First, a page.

7am breakfast for 8am start. Today's the main event; our outing to the World Heritage ruins of Madain Saleh. The site is surrounded by chicken wire fences with a guard post. It's swift enough to get in though, and the bus transports us to the first tomb of significance. We get an explanation of the history of the site - there were Saudi living here despite the curse until 1985, when they were forceably moved by the local government.

The site is all but empty - we only see one other group all day - and with the size of the site, it feels like we have it to ourselves. The tombs are carefully numbered on plaques nailed to the sandstone. It's open in contrast to closed feel of Petra. The tombs are scattered across a wide area in a desert plain punctuated by sandstone outcrops. The interiors of the tombs also appear a little more ornate than Petra's, with carefully cut shelves and alcoves carved in the sandstone. Dotted around the site are well-preserved animal carvings and Nabatean writings.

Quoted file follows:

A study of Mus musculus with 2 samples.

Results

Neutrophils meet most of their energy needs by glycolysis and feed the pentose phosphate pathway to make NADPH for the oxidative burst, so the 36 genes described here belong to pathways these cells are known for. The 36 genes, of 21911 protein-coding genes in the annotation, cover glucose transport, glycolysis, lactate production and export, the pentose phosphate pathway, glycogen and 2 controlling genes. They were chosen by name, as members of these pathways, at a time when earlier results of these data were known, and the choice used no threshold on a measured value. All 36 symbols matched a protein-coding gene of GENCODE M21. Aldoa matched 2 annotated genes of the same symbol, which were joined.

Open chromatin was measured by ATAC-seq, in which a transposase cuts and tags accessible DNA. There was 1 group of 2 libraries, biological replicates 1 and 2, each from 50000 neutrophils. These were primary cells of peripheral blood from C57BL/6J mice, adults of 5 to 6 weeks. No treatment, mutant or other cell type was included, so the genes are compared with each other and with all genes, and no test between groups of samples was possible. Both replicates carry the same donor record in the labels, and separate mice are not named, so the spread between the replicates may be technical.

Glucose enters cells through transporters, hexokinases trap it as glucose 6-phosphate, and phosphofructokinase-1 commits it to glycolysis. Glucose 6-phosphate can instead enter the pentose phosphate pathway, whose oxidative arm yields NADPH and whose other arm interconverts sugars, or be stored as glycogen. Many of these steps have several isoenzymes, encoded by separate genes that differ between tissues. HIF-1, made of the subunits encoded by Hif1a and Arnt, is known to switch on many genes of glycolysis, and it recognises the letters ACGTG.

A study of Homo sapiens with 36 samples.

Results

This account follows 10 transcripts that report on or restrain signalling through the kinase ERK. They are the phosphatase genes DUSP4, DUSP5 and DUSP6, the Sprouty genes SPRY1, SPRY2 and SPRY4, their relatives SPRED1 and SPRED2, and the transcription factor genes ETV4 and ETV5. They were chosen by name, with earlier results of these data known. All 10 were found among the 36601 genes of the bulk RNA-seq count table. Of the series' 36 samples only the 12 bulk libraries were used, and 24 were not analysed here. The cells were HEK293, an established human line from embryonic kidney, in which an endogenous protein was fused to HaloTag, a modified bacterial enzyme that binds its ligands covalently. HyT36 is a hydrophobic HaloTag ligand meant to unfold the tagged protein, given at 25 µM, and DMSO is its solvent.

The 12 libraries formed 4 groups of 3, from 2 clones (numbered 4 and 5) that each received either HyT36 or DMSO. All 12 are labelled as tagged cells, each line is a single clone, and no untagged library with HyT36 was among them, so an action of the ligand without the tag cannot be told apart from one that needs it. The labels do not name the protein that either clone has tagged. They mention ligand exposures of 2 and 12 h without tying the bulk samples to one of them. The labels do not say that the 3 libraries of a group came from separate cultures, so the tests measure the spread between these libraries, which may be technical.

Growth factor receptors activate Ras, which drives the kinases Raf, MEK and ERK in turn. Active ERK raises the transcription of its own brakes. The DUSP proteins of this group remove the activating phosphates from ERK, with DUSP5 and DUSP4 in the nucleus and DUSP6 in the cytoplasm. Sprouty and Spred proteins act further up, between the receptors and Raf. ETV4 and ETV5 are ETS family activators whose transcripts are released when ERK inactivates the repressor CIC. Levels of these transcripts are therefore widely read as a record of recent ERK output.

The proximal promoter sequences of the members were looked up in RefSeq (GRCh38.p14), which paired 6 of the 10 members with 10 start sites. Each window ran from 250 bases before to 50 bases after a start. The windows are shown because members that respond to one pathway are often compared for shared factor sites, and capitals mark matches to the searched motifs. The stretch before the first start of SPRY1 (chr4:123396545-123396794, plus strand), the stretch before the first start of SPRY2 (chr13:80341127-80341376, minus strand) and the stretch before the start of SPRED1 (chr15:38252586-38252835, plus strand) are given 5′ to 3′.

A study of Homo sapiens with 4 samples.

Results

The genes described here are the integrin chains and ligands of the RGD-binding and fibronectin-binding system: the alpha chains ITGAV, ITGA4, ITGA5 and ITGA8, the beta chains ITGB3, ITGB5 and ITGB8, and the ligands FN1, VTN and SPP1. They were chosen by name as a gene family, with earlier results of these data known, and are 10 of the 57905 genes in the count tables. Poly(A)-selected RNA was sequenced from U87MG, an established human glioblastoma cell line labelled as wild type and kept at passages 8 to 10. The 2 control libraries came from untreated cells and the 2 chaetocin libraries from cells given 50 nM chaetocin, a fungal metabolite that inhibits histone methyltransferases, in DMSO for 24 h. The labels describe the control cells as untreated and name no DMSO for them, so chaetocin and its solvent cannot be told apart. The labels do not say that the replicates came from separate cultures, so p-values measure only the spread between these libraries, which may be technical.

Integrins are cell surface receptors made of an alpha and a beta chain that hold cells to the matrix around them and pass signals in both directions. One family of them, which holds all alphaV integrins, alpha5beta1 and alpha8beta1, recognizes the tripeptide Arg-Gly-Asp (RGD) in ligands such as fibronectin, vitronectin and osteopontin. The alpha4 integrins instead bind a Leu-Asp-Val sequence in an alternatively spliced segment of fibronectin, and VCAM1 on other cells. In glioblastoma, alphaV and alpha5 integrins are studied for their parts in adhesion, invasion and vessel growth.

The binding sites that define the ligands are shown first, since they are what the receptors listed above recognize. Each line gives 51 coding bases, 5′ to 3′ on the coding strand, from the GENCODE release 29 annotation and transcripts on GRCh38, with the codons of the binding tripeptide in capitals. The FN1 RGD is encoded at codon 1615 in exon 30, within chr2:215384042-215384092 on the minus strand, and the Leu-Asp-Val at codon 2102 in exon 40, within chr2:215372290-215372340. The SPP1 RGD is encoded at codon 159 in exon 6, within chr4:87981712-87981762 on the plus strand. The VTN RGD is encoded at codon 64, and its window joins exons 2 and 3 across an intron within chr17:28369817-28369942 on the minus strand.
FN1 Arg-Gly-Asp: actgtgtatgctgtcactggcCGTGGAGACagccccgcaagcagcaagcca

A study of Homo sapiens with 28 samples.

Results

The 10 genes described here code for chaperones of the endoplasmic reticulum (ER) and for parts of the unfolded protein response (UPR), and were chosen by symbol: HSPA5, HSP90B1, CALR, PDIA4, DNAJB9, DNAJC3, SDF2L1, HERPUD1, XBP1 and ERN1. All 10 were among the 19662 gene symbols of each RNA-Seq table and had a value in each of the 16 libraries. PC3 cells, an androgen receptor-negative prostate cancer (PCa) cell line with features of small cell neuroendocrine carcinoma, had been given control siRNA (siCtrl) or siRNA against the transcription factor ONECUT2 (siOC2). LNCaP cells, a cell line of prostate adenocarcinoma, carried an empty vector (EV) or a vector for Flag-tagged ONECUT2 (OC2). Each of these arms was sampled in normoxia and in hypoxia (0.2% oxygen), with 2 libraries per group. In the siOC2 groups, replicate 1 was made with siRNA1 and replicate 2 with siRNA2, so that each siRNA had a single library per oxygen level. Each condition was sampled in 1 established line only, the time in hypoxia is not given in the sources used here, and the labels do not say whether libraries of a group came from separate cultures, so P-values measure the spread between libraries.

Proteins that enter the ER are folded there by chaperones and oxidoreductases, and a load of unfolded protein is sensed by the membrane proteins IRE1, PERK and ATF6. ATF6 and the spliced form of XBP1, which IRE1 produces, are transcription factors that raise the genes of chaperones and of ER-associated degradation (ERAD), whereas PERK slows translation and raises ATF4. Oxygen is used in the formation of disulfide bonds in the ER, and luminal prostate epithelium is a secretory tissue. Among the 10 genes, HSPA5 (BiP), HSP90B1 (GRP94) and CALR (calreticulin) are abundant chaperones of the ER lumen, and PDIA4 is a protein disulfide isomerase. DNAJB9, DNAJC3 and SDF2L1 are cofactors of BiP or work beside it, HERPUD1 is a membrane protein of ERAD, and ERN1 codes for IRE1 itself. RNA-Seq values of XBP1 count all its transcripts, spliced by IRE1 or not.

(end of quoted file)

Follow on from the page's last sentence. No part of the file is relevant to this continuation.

After our exploration of the first group of tombs, we come across a cluster of mud houses, the remains of the last recent settlement before they were removed. And after that we climb to a high lookout over the site for an explanation of Nabatean worship and sacrifice.

Scattered around Madain Saleh and Al-Ula are sleepers and rails from the Hejaz railway, which passes through the site on its way between Damascus and Madinah. They can be found supporting roofs and lining wells. Part of the rebuilding for the tourists here includes the Madain Saleh railway station. They're slowly building an engine and a coach, presumably to wheel the punters up and down the short section of restored track.

On the way out, we stop again at the gate to take our leave from the police. After a slightly too long wait, the guide returns to announce that there is a problem with our permits. Happily, it seems to be the sort of problem he can resolve personally with the guards and we're freed to go back to the hotel for lunch and checkout.

As we get ready to begin the drive back to Thuwal, it emerges that we've been offered a police escort back to campus. And so an 8 hour game of tag begins, with each area's police escorting us through their section rather faster than the bus is comfortable for, each car telling the next who we are, until we finally get to KAUST where the final car tells the nonplussed Aramco security that we are Italian tourists from Medinah.